Are drug ads really true?
We’ve all seen them on TV. And they can be very convincing. Drug advertisements emphasize a myriad of health benefits, balanced by some possible side-effects. But are these ads potentially misleading viewers? A recent report says yes.
Six out of ten claims in drug advertisements can potentially mislead the viewer, according to the study published in the Journal of General Internal Medicine. Researchers Adrienne E. Faerber of The Dartmouth Institute for Health Policy & Clinical Practice and David H. Kreling of The University of Wisconsin-Madison School of Pharmacy studied both prescription and non-prescription television advertisements.
Using content from the Vanderbilt TV News Archive, they reviewed 168 commercials that ran at 6:30pm on ABC, CBS, NBC and CNN from 2008 and 2010. The researchers identified claims that were strongly emphasized in the ad. Then a team of trained analysts classified whether those claims were truthful, potentially misleading or false.
Researchers discovered that 60 percent of the claims in prescription advertisements were potentially misleading, meaning that contained exaggerated information, left out important details, provided opinions or made meaningless associations with lifestyles. The non-prescription advertisements had an even higher percentage, with 80 percent of the claims being misleading or false.
Additionally, study leaders found that only 10 percent of the claims were false, meaning that they were factually false or unsubstantiated. These results were not surprising because false advertising is illegal and can lead to penalties.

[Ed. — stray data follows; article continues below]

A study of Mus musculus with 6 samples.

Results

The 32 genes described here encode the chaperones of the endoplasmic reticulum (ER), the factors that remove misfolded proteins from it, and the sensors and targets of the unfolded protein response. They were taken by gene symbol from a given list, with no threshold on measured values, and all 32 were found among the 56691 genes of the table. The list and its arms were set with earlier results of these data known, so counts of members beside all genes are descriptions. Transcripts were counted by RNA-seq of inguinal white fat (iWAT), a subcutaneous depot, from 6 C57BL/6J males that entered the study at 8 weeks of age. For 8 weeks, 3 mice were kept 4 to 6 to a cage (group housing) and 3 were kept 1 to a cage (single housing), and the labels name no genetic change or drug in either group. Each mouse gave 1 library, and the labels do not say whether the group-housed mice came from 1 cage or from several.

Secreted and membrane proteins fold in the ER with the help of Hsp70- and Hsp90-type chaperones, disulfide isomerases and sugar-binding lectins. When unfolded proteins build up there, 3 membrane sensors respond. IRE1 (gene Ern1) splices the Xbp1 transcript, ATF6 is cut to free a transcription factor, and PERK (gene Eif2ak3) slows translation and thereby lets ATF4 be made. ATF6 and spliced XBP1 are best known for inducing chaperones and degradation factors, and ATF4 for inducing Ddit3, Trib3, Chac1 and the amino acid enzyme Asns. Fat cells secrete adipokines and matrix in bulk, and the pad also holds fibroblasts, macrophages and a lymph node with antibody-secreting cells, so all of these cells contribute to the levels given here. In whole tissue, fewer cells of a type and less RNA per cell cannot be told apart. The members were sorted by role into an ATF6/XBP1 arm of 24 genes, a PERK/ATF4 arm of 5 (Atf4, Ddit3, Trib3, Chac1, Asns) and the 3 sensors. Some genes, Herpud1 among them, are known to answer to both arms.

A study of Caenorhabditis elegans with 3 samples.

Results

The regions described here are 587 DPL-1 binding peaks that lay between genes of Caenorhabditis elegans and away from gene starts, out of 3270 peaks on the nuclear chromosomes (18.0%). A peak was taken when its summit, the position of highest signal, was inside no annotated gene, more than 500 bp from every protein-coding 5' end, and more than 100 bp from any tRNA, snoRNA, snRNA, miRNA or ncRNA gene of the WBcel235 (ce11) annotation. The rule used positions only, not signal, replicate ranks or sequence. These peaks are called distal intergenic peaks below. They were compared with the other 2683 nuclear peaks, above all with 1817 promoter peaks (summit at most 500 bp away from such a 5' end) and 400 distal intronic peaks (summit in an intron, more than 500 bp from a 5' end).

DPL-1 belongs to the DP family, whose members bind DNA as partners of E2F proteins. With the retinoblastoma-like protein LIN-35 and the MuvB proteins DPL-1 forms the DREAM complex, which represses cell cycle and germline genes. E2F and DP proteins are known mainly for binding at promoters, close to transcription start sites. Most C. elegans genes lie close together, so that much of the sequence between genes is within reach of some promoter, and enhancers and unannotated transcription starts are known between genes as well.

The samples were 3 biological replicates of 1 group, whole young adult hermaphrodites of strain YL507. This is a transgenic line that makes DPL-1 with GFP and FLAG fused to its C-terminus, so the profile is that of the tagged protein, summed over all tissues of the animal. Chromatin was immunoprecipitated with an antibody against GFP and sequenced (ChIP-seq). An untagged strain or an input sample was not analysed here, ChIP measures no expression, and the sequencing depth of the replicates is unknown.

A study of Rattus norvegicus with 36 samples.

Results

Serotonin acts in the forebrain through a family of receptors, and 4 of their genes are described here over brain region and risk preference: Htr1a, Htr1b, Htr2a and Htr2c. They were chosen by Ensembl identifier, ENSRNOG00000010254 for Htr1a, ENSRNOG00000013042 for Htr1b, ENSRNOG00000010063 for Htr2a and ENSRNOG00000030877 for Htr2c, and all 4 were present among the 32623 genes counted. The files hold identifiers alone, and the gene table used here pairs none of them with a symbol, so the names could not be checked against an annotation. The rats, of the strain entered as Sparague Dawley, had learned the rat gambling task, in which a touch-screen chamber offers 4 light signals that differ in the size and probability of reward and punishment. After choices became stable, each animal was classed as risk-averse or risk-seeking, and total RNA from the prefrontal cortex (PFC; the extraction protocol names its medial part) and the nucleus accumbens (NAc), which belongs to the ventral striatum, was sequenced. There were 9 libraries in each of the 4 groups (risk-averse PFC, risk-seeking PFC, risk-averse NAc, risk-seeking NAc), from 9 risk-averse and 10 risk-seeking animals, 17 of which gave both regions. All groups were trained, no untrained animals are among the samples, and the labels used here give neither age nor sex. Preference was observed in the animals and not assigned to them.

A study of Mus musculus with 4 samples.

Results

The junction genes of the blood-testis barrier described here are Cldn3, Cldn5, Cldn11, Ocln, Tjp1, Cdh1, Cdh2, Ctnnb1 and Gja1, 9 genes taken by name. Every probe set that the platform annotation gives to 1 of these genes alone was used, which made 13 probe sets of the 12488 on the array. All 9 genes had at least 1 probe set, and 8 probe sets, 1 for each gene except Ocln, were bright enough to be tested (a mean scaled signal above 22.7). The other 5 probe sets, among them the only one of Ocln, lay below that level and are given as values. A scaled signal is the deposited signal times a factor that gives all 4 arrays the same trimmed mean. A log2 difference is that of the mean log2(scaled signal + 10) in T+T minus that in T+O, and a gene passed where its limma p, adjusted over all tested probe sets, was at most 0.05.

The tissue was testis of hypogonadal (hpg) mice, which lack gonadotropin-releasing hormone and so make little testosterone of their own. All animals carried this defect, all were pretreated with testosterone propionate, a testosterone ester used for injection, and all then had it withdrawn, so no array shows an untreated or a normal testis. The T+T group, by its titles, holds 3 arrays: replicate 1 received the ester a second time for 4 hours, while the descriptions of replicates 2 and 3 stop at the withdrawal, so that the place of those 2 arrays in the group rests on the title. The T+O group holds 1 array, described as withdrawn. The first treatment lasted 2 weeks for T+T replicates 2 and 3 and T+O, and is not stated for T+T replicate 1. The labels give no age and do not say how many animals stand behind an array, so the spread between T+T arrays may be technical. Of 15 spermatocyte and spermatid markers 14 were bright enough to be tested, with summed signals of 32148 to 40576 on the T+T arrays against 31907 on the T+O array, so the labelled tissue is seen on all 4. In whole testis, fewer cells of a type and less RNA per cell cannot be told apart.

While the researchers only studied a specific window of time, the results are still valuable. “Consumers may see up to 30 hours of television drug advertising each year, while only spending 15 to 20 minutes, on average, at each visit with their primary care physician,” said Faerber.
“Faerber’s point is well taken,” said Mark Greg, Manager of Clinical Programs at Advocate Physician Partners. “With so much drug advertising out there, it’s easy for consumers to get wrapped up in the hype. Some of these drugs are becoming household names. But every drug is not a good fit for everyone.”
Greg advises, “It’s best to consult with your doctor to weigh the costs and benefits of taking any medication. As the research shows, an advertisement may be convincing, but it may not be the best source of health information.”
The Food and Drug Administration (FDA) has oversight on the prescription drug advertising and The Federal Trade Commission (FTC) oversees nonprescription drug advertising. The definitions of false and misleading claims between the two agencies are slightly different. The FDA, for example, requires that prescription drug advertising includes the risks of the drug, whereas the FTC does not for non-prescription drugs.